Turkish obstructionism in Syrian crisis amounts to criminal neglect

Turkish President Tayyip Erdogan  has continued to predicate the objective of ousting Syrian President Bashar al-Assad over addressing the threat posed by the Islamic State.


Turkish President Tayyip Erdogan has continued to predicate the objective of ousting Syrian President Bashar al-Assad over addressing the threat posed by the Islamic State.

A humanitarian nightmare is unfolding in the besieged Kurdish majority  town of Kobane in northern Syria, where American air strikes and Kurdish ground forces are barely holding Islamic State militants back from overrunning the area and its vulnerable minority populations. The grim futility of these limited defensive measures, however, has been made clear by military experts including Rear Admiral John Kirby, who recently anticipated in a statement for the Pentagon that Kobane will soon fall. “We’ve been very honest about the limits of air power,” he said. “We don’t have a willing, capable, effective partner on the ground inside Syria right now— it’s just a fact.”

A fact it may be, but the lack of strong ground protection for Kobane is certainly puzzling—puzzling because there are NATO-affiliated armored divisions no more than a few hundred yards away.   Perched in the hills along the Syrian border, Turkish tanks and troops have watched the battle turn against the town’s beleaguered defenders without firing a shot.

“They’re inventing reasons not to act to avoid another catastrophe,” an anonymous senior administration official told the New York Times. “This isn’t how a NATO ally acts while hell is unfolding a stone’s throw away from their border.” A Guardian article published Oct. 8 observes that, beyond simply declining to commit ground forces to protect Syrian border towns, the Turkish government “has refused to provide even basic logistical assistance to the US-led coalition.” Another piece from the Guardian notes that Turkish forces have even prevented Kurdish fighters and supplies from crossing into Syria to bolster the town’s defenses, and prevented some Kurdish refugees from escaping across the border into Turkey. In response to their government’s obstructive stance, Turkey’s Kurds have begun clashing with police and nationalist Islamists in violent encounters that have left as many as 15 dead, according to the Chicago Tribune.

So what could possibly prompt such a level of neglect, especially from a nation that is ostensibly a cornerstone of NATO’s presence in the Middle East? There are two apparent reasons why Turkish President Recep Tayyip Erdogan and his government have stood by idly as Kobane begins to burn, despite the ethnic tensions that this policy is exacerbating within their own nation.

First, Erdogan has continued to prioritize the objective of ousting Syrian President Bashar al-Assad over addressing the threat posed by the Islamic State. The Turks’ expressed rationale for delaying action has been their desire for a full no-fly zone over northern Syria, so that any troops they commit will be safe from Syrian government air strikes.  However, as officials cited by the New York Times point out, the Arab-American coalition’s vast air superiority over the area means that an attack on NATO forces there by Assad’s jets is a practical impossibility—assuming, that is, that the Syrian government would even consider attacking forces deployed against the common enemy. This thin pretext reflects a greater underlying theme in Turkish policy with regards to the Syrian Civil War—they have attempted to undermine Assad’s (admittedly brutal) regime at every turn, even where that means enabling extremists or leaving minority populations vulnerable. Vice President Joe Biden recently was pressured into apologizing for statements he made last week at Harvard University, where he indicated that Turkey had provided weapons and funding into extremist opposition forces, and allowed anti-Assad fighters of all kinds to flood across their border.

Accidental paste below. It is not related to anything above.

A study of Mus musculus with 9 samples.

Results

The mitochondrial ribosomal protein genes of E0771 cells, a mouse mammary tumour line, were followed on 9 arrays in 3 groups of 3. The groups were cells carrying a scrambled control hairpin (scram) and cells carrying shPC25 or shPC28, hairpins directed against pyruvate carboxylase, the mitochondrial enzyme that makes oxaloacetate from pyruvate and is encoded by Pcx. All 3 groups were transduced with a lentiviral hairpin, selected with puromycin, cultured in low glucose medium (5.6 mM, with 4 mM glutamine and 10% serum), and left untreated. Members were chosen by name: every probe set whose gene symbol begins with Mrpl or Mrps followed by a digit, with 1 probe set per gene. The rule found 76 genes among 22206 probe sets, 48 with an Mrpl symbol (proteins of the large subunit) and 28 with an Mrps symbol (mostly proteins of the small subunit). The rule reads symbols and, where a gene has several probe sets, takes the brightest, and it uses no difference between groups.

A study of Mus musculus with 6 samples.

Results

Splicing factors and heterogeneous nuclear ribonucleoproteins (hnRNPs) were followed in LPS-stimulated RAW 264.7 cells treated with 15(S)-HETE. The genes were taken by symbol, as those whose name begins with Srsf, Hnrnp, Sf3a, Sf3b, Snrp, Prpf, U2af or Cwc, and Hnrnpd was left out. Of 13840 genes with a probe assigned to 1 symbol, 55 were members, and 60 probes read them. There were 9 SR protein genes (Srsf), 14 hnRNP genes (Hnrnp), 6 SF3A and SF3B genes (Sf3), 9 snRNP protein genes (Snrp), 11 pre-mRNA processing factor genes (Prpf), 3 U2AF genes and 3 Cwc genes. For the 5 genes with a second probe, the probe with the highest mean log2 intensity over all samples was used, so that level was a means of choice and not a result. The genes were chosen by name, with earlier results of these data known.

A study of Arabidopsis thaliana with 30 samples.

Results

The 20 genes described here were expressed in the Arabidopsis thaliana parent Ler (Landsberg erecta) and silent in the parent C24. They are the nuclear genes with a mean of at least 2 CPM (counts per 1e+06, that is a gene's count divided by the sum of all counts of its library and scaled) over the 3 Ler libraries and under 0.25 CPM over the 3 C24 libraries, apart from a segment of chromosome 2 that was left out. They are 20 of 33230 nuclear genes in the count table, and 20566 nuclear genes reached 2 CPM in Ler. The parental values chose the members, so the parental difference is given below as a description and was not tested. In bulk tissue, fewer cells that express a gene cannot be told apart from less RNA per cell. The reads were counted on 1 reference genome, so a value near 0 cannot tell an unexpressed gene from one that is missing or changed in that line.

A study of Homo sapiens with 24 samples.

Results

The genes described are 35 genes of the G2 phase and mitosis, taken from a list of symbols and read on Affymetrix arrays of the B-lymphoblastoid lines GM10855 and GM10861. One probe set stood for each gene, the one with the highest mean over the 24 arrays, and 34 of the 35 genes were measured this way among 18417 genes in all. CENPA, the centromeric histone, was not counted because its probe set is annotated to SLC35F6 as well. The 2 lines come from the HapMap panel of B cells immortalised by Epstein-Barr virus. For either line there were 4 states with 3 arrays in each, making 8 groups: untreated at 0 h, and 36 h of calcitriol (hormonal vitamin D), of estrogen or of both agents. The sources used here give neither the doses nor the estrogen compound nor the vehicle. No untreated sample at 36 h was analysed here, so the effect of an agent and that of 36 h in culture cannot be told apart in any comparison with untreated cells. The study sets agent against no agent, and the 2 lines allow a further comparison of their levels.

Secondly, the Turkish government has been apparently using the crisis as a wedge against Kurdish political opposition groups. A recent New York Times piece observes that, according to many analysts, “Kobani’s Kurds are being held hostage as Mr. Erdogan seeks to wrest concessions not only from the United States but also from Kurdish leaders, his longtime domestic foes.” Erdogan’s government is currently engaged in negotiations with the presently outlawed Kurdistan Workers’ Party, and some have observed that the threat to Kobane provides him with leverage in those talks, and counters the growing autonomy that Kurds have gained in the vacuum left by the conflict in Iraq and Syria.

There is little President Obama’s administration can do to push the Turks into line without jeopardizing his precarious coalition of Arab states. But Turkey’s criminal neglect in the present crisis should indicate two things to American policymakers. First, there is little hope that Turkey, and other Sunni nations with a stake against Assad like Saudi Arabia, can be made to live up to their promises and substantively commit themselves to combating ISIS. In the absence of this prospect, upon which Obama’s present Syria-Iraq policy is largely predicated, the case for American troop deployment grows stronger. Second, the United States must wake up to the reality that Turkey, our supposed ally, has an abysmal humanitarian and democratic record. If we continue to trust them and rely on them as we have, we will continue to be disappointed.